By Bethany Bray
---- — SALEM — A new executive director has been named at Healing Abuse Working for Change, the Salem-based domestic violence nonprofit known as HAWC.
Anthony DiPietro, a 33-year-old Providence, R.I., native, will be the agency’s first male leader.
DiPietro has worked with nonprofits since graduating from Brown University in 2004, most recently as chief operating officer at West Elmwood Housing Development Corporation in Providence.
Candace Waldron, HAWC’s executive director for more than 12 years, stepped down this spring. Paula Herrington has been interim director and will remain on the job for several weeks, to help with the transition, once DiPietro starts work Oct. 21, said Stephen Feron, president of HAWC’s board of directors.
HAWC hired a third-party agency to handle the search for a new director, which gathered input from HAWC employees and area residents in town hall-style meetings, Feron said.
DiPietro from was chosen from 50 applicants, he said. His salary will be $91,000 annually.
“(DiPietro has) the ability to listen and ask the right questions to get at the heart of the matter, the ability to pull a lot of things together,” said Feron, a Hamilton resident. “He has a passion for ending the cycle of violence and getting down to the root causes of that.”
“His demeanor, the way he carries himself, his poise, his intellect, his empathy ... that will be really key for HAWC,” he said.
HAWC serves 23 communities on the North Shore and offers an emergency shelter, 24-hour hotline, advocacy, support groups and other programs to prevent domestic abuse and help its victims. The agency has offices in Salem, Lynn, Gloucester and a domestic violence unit in Beverly.
Both the search committee and HAWC staff endorsed DiPietro, he said.
Prior to his work at the West Elmwood Housing Development Corporation, DiPietro was chief operating officer at the Institute for the Study and Practice of Nonviolence in Providence. He oversaw the institute’s work on urban youth and gang violence.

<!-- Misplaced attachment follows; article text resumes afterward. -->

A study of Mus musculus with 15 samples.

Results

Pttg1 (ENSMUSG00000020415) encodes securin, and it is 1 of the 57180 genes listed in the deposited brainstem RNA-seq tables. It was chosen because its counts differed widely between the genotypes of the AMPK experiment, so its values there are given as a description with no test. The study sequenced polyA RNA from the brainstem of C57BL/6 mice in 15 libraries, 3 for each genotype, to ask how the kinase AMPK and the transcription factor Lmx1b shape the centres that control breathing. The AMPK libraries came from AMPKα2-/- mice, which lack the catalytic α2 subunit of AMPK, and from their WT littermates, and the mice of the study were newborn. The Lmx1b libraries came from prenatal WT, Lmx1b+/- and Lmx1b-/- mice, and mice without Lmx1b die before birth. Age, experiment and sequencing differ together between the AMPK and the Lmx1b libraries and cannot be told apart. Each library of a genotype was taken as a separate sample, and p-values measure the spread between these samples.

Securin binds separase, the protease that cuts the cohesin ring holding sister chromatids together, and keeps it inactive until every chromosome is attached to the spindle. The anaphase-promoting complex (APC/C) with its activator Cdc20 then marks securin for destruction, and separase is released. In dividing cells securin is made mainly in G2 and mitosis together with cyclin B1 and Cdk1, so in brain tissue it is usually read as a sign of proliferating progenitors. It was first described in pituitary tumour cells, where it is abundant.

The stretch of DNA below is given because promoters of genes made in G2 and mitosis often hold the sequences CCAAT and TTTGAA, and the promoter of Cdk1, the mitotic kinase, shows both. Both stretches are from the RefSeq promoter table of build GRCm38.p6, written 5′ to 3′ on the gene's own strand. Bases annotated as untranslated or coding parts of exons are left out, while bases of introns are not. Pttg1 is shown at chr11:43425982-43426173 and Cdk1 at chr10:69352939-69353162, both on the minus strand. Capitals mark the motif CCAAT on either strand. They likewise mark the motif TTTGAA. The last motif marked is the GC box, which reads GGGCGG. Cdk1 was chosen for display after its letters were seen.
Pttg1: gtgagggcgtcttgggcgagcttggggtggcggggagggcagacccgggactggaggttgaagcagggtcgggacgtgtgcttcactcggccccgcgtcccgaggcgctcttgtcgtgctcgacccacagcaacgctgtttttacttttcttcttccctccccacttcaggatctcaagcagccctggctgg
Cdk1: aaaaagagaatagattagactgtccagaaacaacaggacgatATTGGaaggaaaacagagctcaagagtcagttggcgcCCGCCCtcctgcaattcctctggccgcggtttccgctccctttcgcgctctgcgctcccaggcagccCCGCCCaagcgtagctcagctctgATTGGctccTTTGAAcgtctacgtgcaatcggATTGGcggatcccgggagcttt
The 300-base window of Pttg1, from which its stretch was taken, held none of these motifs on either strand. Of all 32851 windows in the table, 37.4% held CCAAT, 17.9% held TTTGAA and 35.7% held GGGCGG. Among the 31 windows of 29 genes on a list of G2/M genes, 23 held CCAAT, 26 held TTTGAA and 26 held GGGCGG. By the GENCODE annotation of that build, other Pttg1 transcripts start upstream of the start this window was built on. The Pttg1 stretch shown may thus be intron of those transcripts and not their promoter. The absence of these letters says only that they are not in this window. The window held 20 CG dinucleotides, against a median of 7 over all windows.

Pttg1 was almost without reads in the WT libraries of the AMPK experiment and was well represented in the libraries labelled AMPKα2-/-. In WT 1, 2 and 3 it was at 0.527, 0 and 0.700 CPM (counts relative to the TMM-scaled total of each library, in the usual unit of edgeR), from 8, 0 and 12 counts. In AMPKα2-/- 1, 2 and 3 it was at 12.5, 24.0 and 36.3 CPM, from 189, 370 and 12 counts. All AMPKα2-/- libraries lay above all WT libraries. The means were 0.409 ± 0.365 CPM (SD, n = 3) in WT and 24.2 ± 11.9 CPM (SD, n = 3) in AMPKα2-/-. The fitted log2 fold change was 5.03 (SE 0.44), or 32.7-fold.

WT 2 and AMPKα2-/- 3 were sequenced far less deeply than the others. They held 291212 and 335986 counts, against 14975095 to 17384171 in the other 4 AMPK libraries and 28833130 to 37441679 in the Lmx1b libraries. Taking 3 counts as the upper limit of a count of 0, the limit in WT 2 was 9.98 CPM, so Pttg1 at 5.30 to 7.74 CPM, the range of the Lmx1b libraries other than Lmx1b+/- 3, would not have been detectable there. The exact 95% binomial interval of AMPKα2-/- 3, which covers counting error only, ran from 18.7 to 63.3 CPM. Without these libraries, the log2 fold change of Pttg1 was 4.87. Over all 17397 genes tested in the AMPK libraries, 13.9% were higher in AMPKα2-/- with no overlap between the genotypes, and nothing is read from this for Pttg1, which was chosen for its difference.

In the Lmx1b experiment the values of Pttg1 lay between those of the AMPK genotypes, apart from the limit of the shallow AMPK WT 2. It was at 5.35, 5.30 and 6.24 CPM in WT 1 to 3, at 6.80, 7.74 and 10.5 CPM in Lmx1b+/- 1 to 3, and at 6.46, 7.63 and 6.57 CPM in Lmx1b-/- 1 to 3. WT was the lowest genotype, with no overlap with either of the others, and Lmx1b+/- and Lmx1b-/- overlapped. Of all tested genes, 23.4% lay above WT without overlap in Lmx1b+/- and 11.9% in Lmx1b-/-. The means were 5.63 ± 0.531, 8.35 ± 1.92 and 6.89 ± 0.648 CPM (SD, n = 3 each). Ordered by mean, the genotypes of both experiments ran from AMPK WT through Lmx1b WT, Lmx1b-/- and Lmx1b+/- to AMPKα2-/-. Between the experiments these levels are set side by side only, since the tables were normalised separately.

DiPietro said the HAWC job attracted his interest because he missed working in a social services setting — “a mission that is closer to my heart.”
“I’m really excited to get to know the community in a really deep way,” DiPietro said.
HAWC recognizes that violence “is not a one-dimensional problem,” he said — it affects all classes, all cultures and more than just its victims.
“(I was) really looking for an agency that has a touch in the community and an impact in people’s lives,” he said.
HAWC has been through a year of transition, DiPeitro said. He plans to focus on stability first, then long-term planning, from fundraising to forming stronger partnerships in the community.
DiPietro has already met with HAWC staff and plans to move from Providence to the North Shore soon.
DiPietro steps into the organization roughly 18 months after the state investigated allegations of abuse at HAWC’s shelter in Salem.
The investigation by the Massachusetts Department of Children and Families cleared HAWC of accusations by lawyers for four residents who claimed they were subjected to humiliating or retaliatory treatment. It also made recommendations for training, policy development and other measures.
The shelter was closed for more than two months but reopened in February or March and is “operating as normal,” Feron said yesterday.
“The shelter is completely full,” he said. “The way the world is these days, business is booming for HAWC ... There are a lot of different avenues that our world touches, and we’re ready to keep moving forward with Anthony (DiPietro) as our new leader.”
Bethany Bray can be reached at email@example.com and on Twitter @SalemNewsBB.